The other day, one of the fine members of our forums here at TouchArcade pointed out to me that we hadn’t reviewed Blek ($2.99) yet and was wondering what was up with that. Yes, what is up with that? So, with all due apologies that this review is a bit late, I decided to give this game a spin and see if words would come out, and wouldn’t you know it, they did. Anyway, there are lots of different ways for a puzzle game to succeed, but for me, the most interesting ones are the games that cause me to think in ways I usually don’t. I like games like that because you can clearly feel your skills developing. You start off not really knowing what you’re doing and just kind of blindly stabbing around in the dark, then you hit that moment where things click, and from there, you’re off to the races. It’s a euphoric feeling, and it’s one that Blek captures quite well.
In the beginning, Blek doesn’t give you much to go on. All the explicit instructions the game ever gives you is a simple little arrow with a swiping animation in the first stage. Touching the screen creates a little line that takes on a life of its own, moving in whatever ways you drew it. If you followed the instructions, your line will take off towards a colored circle causing it to disappear when the line touches it, and the stage is cleared. If you’re a rebel, or you have a shakey finger, your line might not hit that colored circle. Perhaps it went off the top or bottom of the screen and is lost. It may have hit that giant black circle on the left and disappeared. Maybe it bounced off the wall behind the circle, leading to one of the previously-mentioned possibilities. No matter what happens, you’ve learned something about how this strange little game works.
So that’s how it starts, and for the next few stages, it’s not much more complicated than that. Circles are lined up, you fling a line at them like an arrow, and as long as your aim is true, you’ll be on to the next stage in no time. Things soon start to get more difficult, though. There are more black holes placed around the screen, or the circles are put in unusual patterns, and suddenly, your simple little lines and arcs aren’t doing the job. Perhaps in frustration, you make a scribble on the screen, and watching it move, you realize that this unassuming little game is a whole lot deeper than you thought. You start drawing complex patterns or doubling back on your lines, watching with glee as you clear previously impassable stages. The really cool thing is that the way you get past a level is up to you. The game gives no restrictions except that you have to clear all of the colored circles with one drawn line.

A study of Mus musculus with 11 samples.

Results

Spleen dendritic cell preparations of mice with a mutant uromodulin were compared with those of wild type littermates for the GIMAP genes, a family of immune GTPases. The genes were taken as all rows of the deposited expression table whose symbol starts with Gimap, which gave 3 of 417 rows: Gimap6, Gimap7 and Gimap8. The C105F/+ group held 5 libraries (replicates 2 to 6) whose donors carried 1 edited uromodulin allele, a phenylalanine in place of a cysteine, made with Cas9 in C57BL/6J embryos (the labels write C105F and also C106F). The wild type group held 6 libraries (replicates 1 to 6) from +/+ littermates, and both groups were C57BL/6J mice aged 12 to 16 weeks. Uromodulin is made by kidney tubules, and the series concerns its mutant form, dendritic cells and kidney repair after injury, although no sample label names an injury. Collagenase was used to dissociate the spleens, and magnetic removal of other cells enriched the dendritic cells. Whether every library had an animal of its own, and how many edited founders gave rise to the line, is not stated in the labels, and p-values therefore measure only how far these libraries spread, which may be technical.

It sounds simple, and like any great puzzle game, it’s very simple to play. Don’t be fooled by the relatively easy-going nature of the early stages, however. There are 60 stages in the game, and by the time you get into the 20s, things get a bit tricky. Soon, you’ll not only have to understand the general pattern of the line you need to draw, you’ll also need to draw it very accurately and carefully. If the game breaks down a little anywhere, it’s here. Depending on the size of your finger and how well you can draw a precise line with it, you might have some issues getting the line you intended. In earlier levels, it’s not as big of a problem, since know what to draw takes precedence over drawing it perfectly. Later on, the margin of error is a lot thinner, so you’ll probably end up making unintended mistakes a bit more often. It’s not a big problem at all, since you can reset the stage simply by touching the screen to draw another line again, but I can easily see some people getting pretty frustrated, especially since you can’t proceed to the next stage until you’ve cleared the current one.
That simple approach to gameplay is reflected in the rest of the game’s design. The game uses basic, flat colors for everything, with plain white backgrounds. There isn’t any music, and very few sound effects, with the most interesting ones reserved for when your line hits a black hole. Opening the game puts you immediately back in the last level you were playing. There are no options to choose from and no pause button. The only things you can do, apart from drawing a line, are to bring up the Game Center achievements or cycle through the stages you’ve unlocked by using three inobtrusive virtual buttons at the bottom of the screen. The subdued nature of the presentation fits the game, though. You’re going to be banging your head against some of these stages for a while, so keeping distractions or potential annoyances to a minimum is a good thing, in my books.
If you’re looking for something a little quirky or you enjoy a good puzzle game, you should definitely give Blek a try. It seems to have caught a serious gust of popularity in the App Store, and it’s easy to see why. Everyone likes to doodle, and Blek does a great job of guiding you from being a basic player to an advanced one through its stage progression. It’s quite difficult, but that just makes it all the more satisfying when you finally clear a tough stage you’ve been stuck on for a while. All in all, it’s a pretty cool and unusual puzzle game, and who doesn’t have room in their life for more of those?